Drilling the Cambo oil and gas field is incompatible with Scotland’s climate change targets, the Scottish Greens have said.
MSPs are being urged to back a motion submitted by the party opposing plans for a new offshore drilling site near Shetland.
It comes amid fears the UK Government is set to approve plans for the Cambo oil field ahead of the Cop26 climate summit in Glasgow this year.
If given the go-ahead, a further 150-170 million barrels are due to be extracted from the North Sea bed at the site, which is expected to operate until 2050.
The proposals were given an initial exploration licence in 2001 but the Greens’ motion says the Cambo oil field now “contradicts recommendations” from the International Energy Agency report on achieving net-zero targets.
Scottish Green climate spokesman Mark Ruskell said: “The North Sea already has more oil than we can afford to burn if we are to meet the Paris climate commitments and secure our survival, so approving new fields would be a catastrophic decision by the UK Government.
“It’s important that the Scottish Parliament is clear in the messages it sends ahead of Cop26, and that starts with urging the UK Government to see sense on this.
“I urge MSPs of all parties to back my motion.”
A spokeswoman for the UK Government’s Department for Business, Energy & Industrial Strategy said: “The original licensing approval for the Cambo oil field dates back to 2001.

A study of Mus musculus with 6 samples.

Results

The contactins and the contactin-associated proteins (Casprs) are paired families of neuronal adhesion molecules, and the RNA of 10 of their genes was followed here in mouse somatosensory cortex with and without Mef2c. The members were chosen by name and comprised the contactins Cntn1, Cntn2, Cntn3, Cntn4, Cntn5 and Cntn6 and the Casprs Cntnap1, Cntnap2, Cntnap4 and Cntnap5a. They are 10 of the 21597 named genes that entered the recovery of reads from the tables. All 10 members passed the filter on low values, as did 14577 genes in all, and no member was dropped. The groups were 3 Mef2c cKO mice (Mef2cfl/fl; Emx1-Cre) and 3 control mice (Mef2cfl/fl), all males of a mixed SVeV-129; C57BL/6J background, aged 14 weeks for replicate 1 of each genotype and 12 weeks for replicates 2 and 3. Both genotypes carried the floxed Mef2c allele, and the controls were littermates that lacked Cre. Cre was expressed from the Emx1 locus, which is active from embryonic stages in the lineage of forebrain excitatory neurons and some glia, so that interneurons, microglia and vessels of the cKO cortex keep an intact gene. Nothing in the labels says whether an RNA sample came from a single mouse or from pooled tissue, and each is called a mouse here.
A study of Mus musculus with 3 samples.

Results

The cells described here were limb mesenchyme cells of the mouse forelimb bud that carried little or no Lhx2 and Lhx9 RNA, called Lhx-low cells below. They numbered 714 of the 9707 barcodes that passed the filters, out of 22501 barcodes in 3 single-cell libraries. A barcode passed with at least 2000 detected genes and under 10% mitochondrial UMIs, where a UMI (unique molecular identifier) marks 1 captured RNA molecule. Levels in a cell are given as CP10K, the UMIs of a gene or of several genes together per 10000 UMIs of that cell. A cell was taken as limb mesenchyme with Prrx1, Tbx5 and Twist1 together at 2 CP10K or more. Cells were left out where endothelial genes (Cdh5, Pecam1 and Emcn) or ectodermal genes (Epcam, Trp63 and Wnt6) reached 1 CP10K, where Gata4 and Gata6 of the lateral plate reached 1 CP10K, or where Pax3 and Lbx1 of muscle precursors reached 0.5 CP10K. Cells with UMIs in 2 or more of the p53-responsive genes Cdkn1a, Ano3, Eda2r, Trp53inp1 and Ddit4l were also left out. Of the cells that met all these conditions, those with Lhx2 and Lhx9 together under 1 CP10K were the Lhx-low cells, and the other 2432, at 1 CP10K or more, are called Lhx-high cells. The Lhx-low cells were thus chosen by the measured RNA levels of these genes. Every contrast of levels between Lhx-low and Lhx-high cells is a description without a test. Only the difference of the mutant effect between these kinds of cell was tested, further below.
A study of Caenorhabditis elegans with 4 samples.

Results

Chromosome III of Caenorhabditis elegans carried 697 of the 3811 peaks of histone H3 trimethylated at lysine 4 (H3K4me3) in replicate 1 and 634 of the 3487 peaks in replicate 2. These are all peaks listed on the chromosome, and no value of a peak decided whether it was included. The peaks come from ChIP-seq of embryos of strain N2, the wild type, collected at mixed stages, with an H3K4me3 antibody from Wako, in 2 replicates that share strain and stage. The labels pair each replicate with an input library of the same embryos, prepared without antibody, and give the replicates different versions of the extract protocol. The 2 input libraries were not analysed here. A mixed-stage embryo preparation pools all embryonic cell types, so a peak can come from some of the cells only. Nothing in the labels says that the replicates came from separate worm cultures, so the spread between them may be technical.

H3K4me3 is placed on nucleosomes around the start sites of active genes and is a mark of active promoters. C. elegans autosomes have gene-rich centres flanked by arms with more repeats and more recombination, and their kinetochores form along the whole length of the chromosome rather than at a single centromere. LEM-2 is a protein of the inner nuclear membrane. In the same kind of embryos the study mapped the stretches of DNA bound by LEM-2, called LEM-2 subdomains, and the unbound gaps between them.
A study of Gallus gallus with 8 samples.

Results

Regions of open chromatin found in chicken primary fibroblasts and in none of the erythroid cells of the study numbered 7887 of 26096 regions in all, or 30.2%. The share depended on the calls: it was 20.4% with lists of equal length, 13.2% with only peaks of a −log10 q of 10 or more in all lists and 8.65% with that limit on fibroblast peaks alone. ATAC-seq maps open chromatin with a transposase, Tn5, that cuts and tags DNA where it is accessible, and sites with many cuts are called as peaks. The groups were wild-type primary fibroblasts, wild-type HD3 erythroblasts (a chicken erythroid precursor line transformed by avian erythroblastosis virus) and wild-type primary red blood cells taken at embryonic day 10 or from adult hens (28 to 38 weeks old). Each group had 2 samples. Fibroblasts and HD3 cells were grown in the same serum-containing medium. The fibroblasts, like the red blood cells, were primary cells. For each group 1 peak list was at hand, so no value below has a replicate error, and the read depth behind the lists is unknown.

“The Secretary of State [Kwasi Kwarteng] is not involved in the decision whether to grant consent for the Cambo oil field.
“While we are working hard to drive down demand for fossil fuels, there will continue to be ongoing demand for oil and gas over the coming years, as recognised by the independent Climate Change Committee.”
Despite the end date for the oil field being five years beyond when Scotland aims to meet its net-zero target, Oil and Gas UK chief executive Deirdre Michie claims the proposal would actually help the UK cut its carbon emissions.
In an opinion article for The Scotsman on Tuesday, Ms Michie said there would still be demand for oil and gas in the UK if plans to drill fields such as Cambo were rejected.
She said: “Instead, the country will have to import it from overseas – frequently from countries with higher emissions and less commitment to act on them.”
Ms Michie said the industry had agreed a plan with the UK Government to reduce its carbon emissions, known as the North Sea Transition Deal.
She continued: “Projects like the Cambo field are part of a low-carbon journey that will support energy security, jobs, the economy and the net-zero future that everyone wants to see.
“Like all future UK oil and gas projects, the Cambo field is designed with lower-operating emissions in mind.
“It has been built ‘electrification-ready’, with the potential to import renewable power when it becomes feasible in the future.
“It is in line with the industry’s decarbonisation targets, and it is included in the country’s long-term energy projections.”
In response, Mr Ruskell said the oil and gas industry “cannot be trusted to plan for its own decline”.
He added: “Deirdre Michie’s claim that opening a new oil field is ‘part of the low-carbon journey’ is audacious doublespeak from an industry determined to keep expanding fossil fuel production even when the world is committed to reduce it.”